Fractal FX8 review

A pro-level multi-effects pedal from the Axe-Fx firm

  • £1149
  • €1599
  • $1999
Footswitches turn individual effects in a preset on and off, but if you hold them down, they switch between the X and Y settings

MusicRadar Verdict

What you are buying into is pro-level gear in a unit that's built like a nuclear bunker, with unsurpassed audio quality.


  • +

    Superb array of effects. Excellent sound and build quality. Flexible routing options.


  • -

    Very little.


Taking just the effects from the rackmount Axe-Fx II, the FX8 is a pedalboard for those who prefer to use their own amp, rather than rely on Fractal's modelled amp sims. The FX8 can store 128 virtual pedalboards - in banks of eight - to be recalled at will.

For extra flexibility, each of the effects blocks has switchable X and Y settings

Each pedalboard can supply eight simultaneous effects, each with their own footswitch, chosen from over 20 effects genres, populated with 130 individual effects.

For extra flexibility, each of the effects blocks has switchable X and Y settings - perhaps a fuzz and an overdrive, or maybe the same overdrive with two gain levels.

Besides footswitches one to eight, the FX8 has a further three footswitches with multiple functions. Two of them select the preset banks but also call up the onboard tuner, operate tap tempo or turn on the unit's four-minute stereo looper (which, when activated, has seven footswitches at its disposal).

Probably the most crucial footswitch is Scene, which unleashes one of the FX8's coolest features. Each preset has eight scenes, and a scene can make several effects blocks active at once, complete with a stored X and Y setting, but it can also operate your amp's channel switching if you connect it to one of the FX8's relay outputs. That gives you an easily, ultra-flexible switching system where you can always see what's happening courtesy of three separate-coloured LEDs.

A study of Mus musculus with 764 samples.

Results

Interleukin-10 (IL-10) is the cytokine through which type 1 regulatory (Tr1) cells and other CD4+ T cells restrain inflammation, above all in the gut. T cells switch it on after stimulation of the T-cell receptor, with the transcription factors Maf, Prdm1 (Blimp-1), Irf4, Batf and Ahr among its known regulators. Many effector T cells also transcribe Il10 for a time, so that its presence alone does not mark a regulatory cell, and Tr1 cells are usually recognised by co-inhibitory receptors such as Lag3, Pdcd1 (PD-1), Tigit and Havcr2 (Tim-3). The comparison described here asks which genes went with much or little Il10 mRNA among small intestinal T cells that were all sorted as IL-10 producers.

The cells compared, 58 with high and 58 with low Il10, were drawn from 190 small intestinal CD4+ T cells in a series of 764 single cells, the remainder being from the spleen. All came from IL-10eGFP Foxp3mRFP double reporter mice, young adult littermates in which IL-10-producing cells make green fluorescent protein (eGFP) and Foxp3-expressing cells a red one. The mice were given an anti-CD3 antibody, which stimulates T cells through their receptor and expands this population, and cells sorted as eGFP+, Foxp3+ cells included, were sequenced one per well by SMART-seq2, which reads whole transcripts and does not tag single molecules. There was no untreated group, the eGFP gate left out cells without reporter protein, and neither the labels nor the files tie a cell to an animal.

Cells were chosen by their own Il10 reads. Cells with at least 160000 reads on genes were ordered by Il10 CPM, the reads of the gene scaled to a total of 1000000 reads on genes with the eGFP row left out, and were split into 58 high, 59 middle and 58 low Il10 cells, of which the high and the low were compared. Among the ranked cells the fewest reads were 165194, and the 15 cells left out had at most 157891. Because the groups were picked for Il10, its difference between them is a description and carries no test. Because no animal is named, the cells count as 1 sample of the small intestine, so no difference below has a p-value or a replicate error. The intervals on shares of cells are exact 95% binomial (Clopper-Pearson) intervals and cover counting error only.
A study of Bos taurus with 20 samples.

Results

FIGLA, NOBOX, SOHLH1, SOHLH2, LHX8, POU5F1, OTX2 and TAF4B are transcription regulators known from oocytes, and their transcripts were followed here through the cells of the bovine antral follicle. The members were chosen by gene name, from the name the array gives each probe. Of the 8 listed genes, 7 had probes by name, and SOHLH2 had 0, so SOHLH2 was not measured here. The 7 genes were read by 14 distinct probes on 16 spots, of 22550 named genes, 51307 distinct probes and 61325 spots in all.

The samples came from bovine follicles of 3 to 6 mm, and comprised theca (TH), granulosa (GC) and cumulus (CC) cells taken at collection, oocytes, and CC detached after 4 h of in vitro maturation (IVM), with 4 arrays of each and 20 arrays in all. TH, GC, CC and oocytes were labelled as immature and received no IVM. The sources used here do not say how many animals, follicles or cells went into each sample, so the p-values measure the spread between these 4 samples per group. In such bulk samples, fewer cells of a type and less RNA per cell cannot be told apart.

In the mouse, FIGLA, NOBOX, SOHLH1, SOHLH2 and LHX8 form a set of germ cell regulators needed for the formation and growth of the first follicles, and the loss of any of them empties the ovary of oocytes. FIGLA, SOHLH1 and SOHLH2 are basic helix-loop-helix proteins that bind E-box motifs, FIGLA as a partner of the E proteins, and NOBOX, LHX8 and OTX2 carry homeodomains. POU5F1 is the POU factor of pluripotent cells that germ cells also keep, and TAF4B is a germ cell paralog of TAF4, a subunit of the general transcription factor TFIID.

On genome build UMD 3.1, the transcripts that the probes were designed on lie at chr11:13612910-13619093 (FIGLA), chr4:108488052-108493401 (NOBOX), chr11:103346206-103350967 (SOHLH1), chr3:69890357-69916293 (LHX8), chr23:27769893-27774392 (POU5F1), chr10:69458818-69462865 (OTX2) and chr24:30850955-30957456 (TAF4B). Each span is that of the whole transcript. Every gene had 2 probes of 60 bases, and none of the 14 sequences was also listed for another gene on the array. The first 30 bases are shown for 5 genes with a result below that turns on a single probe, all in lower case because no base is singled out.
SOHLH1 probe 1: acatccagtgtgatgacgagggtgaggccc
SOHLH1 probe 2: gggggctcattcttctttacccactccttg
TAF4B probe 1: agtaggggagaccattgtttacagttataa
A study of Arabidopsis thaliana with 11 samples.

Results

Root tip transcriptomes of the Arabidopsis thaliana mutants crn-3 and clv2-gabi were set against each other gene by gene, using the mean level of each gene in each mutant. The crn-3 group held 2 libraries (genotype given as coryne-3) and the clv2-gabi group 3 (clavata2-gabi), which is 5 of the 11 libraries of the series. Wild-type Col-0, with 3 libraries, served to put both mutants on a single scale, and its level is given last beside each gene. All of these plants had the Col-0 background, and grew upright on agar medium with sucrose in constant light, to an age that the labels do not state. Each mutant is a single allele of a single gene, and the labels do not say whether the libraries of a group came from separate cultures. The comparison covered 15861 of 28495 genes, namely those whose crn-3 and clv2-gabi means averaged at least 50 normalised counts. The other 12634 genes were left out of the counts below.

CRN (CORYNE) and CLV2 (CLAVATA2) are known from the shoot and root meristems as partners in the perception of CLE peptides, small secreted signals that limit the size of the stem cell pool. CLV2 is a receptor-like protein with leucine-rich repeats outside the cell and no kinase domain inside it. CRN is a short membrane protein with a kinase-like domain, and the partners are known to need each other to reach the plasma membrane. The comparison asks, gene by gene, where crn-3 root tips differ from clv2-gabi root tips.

You can put the FX8 before your amp but, using four cables, you can have some of its effects blocks in front of your amp and some in its effects loop. You also get provision to add a couple of expression pedals to control effects.

The key to using the FX8 is to create your own presets, whether it's a single signature pedalboard to be used universally, or a different one for each song in the set. While you can do all that from the front panel, the smart way is to take advantage of the free FX8-Edit software, which allows you to edit presets on a PC or Mac.

What's more, every effect you could ever wish for is here - from wah to pitch to rhythmic tremolo and vocal formant sounds. Add in the flexible routing in effect block order and serial or parallel operation, and there are some serious sound-creation possibilities on offer here.

Okay, so the FX8 will set you back over £1,100, but putting together a collection of pedals with board, cabling, power supply and switcher could cost you just as much and be nowhere near as flexible.

Trevor Curwen has played guitar for several decades – he's also mimed it on the UK's Top of the Pops. Much of his working life, though, has been spent behind the mixing desk, during which time he has built up a solid collection of the guitars, amps and pedals needed to cover just about any studio session. He writes pedal reviews for Guitarist and has contributed to Total Guitar, MusicRadar and Future Music among others.